On November 25, 2021, Japan’s Iwate Prefecture announced that they have selected manga artist Hirohiko Araki (61) as the 6th winner of the “Iwate Hometown Special Manga Award” for his artwork contributions to the prefecture. This award is given to individuals or groups that promoted Iwate prefecture’s appeal, helped publicize culture and art, and contributed with the recovery from the 2011 Great East Japan Earthquake and tsunami through their manga or illustrations.
The award will be presented to Araki on December 19 at Aina (Iwate Prefectural Citizens’ Information Exchange Center) in Morioka City. Araki is planning to attend remotely.
Hirohiko Araki’s Contributions to Iwate
Iwate Prefecture World Heritage Hiraizumi
In 2011, officials of Iwate Prefecture had asked Araki to create an illustration to raise awareness of the historical Hiraizumi ruins which were affected by the disaster. Hiraizumi is over 900 years old, having a well-preserved group of various temples and gardens that were created based on Buddhism. The ruins were registered as a UNESCO World Heritage site and Araki’s artwork helped inform people of its international recognition and the local reconstruction efforts in the region. Araki’s “Tohoku Reconstruction Hiraizumi Declaration” illustration was unveiled by the prefecture on November 4, 2011.
71st National Sports Festival of Japan
Araki’s “Iwate Human Hymn” artwork was drawn for the 71st National Sports Festival of Japan that was hosted in Iwate in 2016.
- 1st (2016): Leiji Matsumoto (Space Battleship Yamato, Galaxy Express 999, etc.)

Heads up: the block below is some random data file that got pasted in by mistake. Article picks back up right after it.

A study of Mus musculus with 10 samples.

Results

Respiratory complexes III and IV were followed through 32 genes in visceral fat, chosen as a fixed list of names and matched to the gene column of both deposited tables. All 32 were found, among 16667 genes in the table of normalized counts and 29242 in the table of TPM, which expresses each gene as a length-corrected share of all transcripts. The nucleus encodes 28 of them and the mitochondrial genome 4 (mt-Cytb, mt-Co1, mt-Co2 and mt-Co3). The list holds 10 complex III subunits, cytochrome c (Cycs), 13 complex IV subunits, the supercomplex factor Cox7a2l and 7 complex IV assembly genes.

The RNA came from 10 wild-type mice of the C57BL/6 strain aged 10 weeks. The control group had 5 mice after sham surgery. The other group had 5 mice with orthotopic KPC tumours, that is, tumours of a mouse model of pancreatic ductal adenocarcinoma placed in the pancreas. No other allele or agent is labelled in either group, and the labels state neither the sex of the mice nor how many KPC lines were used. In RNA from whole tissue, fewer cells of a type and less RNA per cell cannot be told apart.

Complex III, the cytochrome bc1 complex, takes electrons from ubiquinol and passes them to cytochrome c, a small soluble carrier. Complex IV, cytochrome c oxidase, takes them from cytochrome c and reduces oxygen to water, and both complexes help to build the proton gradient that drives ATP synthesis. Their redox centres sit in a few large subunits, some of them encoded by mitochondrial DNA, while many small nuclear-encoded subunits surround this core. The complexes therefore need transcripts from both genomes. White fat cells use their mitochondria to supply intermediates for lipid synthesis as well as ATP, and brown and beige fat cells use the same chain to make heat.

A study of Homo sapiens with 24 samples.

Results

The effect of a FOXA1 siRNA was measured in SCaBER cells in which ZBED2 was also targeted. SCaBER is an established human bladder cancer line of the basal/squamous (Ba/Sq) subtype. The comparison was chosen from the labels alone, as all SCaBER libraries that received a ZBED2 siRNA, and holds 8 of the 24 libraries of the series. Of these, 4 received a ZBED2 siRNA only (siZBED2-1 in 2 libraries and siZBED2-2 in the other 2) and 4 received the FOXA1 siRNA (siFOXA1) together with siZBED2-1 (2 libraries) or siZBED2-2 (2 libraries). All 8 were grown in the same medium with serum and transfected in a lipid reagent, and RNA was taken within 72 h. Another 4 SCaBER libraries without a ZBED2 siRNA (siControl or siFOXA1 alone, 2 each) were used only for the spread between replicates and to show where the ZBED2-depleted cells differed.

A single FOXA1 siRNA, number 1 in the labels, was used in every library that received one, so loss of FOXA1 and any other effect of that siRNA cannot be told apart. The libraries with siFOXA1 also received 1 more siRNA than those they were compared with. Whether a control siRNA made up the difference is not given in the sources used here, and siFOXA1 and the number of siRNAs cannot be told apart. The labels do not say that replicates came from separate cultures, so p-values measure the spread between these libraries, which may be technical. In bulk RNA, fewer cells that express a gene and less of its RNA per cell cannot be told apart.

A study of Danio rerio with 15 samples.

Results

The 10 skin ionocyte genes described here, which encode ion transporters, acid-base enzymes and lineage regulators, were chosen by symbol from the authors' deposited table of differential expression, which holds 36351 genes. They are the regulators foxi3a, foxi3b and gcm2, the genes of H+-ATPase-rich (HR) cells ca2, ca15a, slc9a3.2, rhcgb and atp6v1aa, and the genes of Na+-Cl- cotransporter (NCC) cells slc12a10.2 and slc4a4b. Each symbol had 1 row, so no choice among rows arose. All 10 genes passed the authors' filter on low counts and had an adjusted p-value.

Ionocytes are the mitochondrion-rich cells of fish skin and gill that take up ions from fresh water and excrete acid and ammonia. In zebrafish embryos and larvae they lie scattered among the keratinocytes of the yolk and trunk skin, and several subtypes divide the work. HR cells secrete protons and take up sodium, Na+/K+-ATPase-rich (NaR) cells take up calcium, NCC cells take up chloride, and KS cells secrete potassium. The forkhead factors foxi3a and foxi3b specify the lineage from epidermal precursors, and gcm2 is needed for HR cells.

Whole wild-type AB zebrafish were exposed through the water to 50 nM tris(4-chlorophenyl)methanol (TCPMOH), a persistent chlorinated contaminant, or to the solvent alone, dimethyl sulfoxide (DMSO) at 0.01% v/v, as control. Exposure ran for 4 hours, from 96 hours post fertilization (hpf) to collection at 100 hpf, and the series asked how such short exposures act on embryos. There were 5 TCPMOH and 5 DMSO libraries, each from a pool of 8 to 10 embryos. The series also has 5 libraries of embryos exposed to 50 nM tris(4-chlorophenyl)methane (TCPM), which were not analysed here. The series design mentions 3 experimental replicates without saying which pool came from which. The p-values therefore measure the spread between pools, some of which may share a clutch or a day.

- 2nd (2017): Takao Saito (Golgo 13)
- 3rd (2018): Moto Hagio (The Poe Clan, The Heart of Thomas, A Cruel God Reigns, etc.)
- 4th (2019): Kenshi Hirokane (Hello Harinezumi, Division Chief Kosaku Shima, etc.)
- 5th (2020): Machiko Satonaka (Ashita Kagayaku, Karyūdo no Seiza, etc.)
Update: December 24, 2021
The video of Araki accepting his award has been uploaded.
About Hirohiko Araki
Araki is a manga artist from Sendai, the capital city of Miyagi Prefecture, Japan. JoJo’s Bizarre Adventure, his most successful series, has been serialized for nearly 35 years and is highly regarded internationally.
The seventh part of the series, Steel Ball Run, concluded a month after the earthquake hit Japan. The eighth part, JoJolion, began serialization immediately after and is set in a fictional city with a similar catastrophe occurring. It concluded in August this year, with the ninth part currently being planned.
JoJo has the theme of being a “celebration of humanity”. Its onomatopoeia such as “GoGoGo (ゴゴゴ)” and unique lines have garnered enthusiastic fans. Additionally, JoJo and its spinoff series, Thus Spoke Kishibe Rohan, have been adapted into anime and live action dramas. The fifth season of the anime will be available on Netflix on December 1.
The governor of Iwate Prefecture, Takuya Tatsumasu, stated, “Since the earthquake, there has been a succession of works with the theme of how to confront inevitable disasters. This manga depicts the determination to face and overcome calamities, and it was a suitable manga to mark a turning point (the 10th anniversary of the earthquake)”.